Government-owned arms manufacturer Denel has defended their appointment of Daniel du Toit. The entity defending their decision saying that it had been made with ‘our eyes open to racial and gender imbalances’
State-owned arms producer Denel has come to the defense of the appointment of their CEO Daniel du Toit, saying their decision had been made with ‘our eyes open to racial and gender imbalances’.
Denel, which ran at a loss of nearly R2 billion last year, has appointed Du Toit, who is a former MD at Saab Medav Technologies in Germany late last year.
Du Toit replaces Zwelakhe Ntshepe, who resigned in May after only 6 months in service.
Ntshepe left shortly after reports that Denel had given Supra Mahumapelo's son a R1.1 million bursary to become a pilot.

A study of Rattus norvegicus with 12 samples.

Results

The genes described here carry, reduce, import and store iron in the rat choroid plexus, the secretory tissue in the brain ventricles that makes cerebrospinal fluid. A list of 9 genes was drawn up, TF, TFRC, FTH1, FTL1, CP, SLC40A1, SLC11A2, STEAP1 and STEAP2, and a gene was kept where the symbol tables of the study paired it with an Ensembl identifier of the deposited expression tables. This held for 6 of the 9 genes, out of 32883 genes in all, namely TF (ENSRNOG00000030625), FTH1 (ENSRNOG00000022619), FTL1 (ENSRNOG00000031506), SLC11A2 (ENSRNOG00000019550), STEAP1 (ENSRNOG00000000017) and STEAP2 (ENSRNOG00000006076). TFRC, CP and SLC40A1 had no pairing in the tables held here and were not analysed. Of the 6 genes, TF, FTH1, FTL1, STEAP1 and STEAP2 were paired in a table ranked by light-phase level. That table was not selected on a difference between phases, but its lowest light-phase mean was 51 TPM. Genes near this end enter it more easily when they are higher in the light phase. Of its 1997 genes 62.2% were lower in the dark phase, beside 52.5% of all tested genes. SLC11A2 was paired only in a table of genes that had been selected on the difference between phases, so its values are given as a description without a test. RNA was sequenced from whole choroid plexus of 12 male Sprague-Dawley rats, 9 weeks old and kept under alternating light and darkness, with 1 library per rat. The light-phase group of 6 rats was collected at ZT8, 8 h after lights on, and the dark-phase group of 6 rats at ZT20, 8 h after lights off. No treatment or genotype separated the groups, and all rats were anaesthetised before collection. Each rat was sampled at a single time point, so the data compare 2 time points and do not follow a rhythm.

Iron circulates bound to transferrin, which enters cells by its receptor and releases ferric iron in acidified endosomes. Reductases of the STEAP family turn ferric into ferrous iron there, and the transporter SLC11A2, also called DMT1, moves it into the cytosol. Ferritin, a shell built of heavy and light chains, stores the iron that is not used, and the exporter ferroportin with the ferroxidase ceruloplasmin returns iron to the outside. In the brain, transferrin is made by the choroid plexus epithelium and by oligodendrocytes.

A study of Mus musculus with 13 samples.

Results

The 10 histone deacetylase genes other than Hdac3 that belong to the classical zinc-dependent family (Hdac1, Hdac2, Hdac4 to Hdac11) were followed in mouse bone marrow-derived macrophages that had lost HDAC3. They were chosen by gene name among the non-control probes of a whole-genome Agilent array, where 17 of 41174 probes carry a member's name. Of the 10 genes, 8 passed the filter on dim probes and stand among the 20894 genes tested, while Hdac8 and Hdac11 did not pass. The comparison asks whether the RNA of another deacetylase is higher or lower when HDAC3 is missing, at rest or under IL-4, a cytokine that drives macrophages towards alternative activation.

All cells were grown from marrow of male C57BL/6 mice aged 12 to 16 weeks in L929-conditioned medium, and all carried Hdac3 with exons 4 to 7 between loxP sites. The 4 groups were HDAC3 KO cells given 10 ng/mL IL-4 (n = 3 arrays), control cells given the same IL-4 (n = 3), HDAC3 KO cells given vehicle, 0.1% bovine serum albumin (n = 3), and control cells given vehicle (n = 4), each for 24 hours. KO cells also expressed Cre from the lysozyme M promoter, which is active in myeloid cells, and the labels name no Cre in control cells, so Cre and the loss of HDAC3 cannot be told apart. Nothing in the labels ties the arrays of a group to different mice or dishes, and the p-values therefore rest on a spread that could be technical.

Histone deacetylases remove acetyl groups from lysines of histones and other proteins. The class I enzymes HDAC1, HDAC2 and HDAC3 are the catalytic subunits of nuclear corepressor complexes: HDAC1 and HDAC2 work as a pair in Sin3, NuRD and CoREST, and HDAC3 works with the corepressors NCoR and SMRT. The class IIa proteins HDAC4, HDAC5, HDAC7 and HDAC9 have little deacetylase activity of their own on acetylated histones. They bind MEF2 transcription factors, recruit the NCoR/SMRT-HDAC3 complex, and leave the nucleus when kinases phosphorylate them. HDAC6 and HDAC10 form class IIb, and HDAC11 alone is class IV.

Denel was one of the government-owned entities at the centre of allegations of corruption and state capture as well as finding himself in deep financial trouble which led to the need of a government guarantee in order to pay staff and suppliers.
The entity insists that Du Toit had been appointed after a transparent recruitment process which had searched extensively for the most suitable candidate.
According to the arms manufacturer Du Toit had prevailed as the right man, which was then submitted the recommendation to Pravin Gordhan, which was subsequently approved by cabinet.
The board's most pressing priority was to return the entity to a profitable and sustainable position.
Chair of the board at Denel, Monhla Hlanhla said:
“The decision to appoint Mr Du Toit was made with our eyes open to the racial and gender imbalances in our country and in the knowledge that we are accountable to the country on the decisions we make as a board.For Denel, transformation of our workforce profile is a non-negotiable legislative imperative that is implemented in a responsible manner across the group.”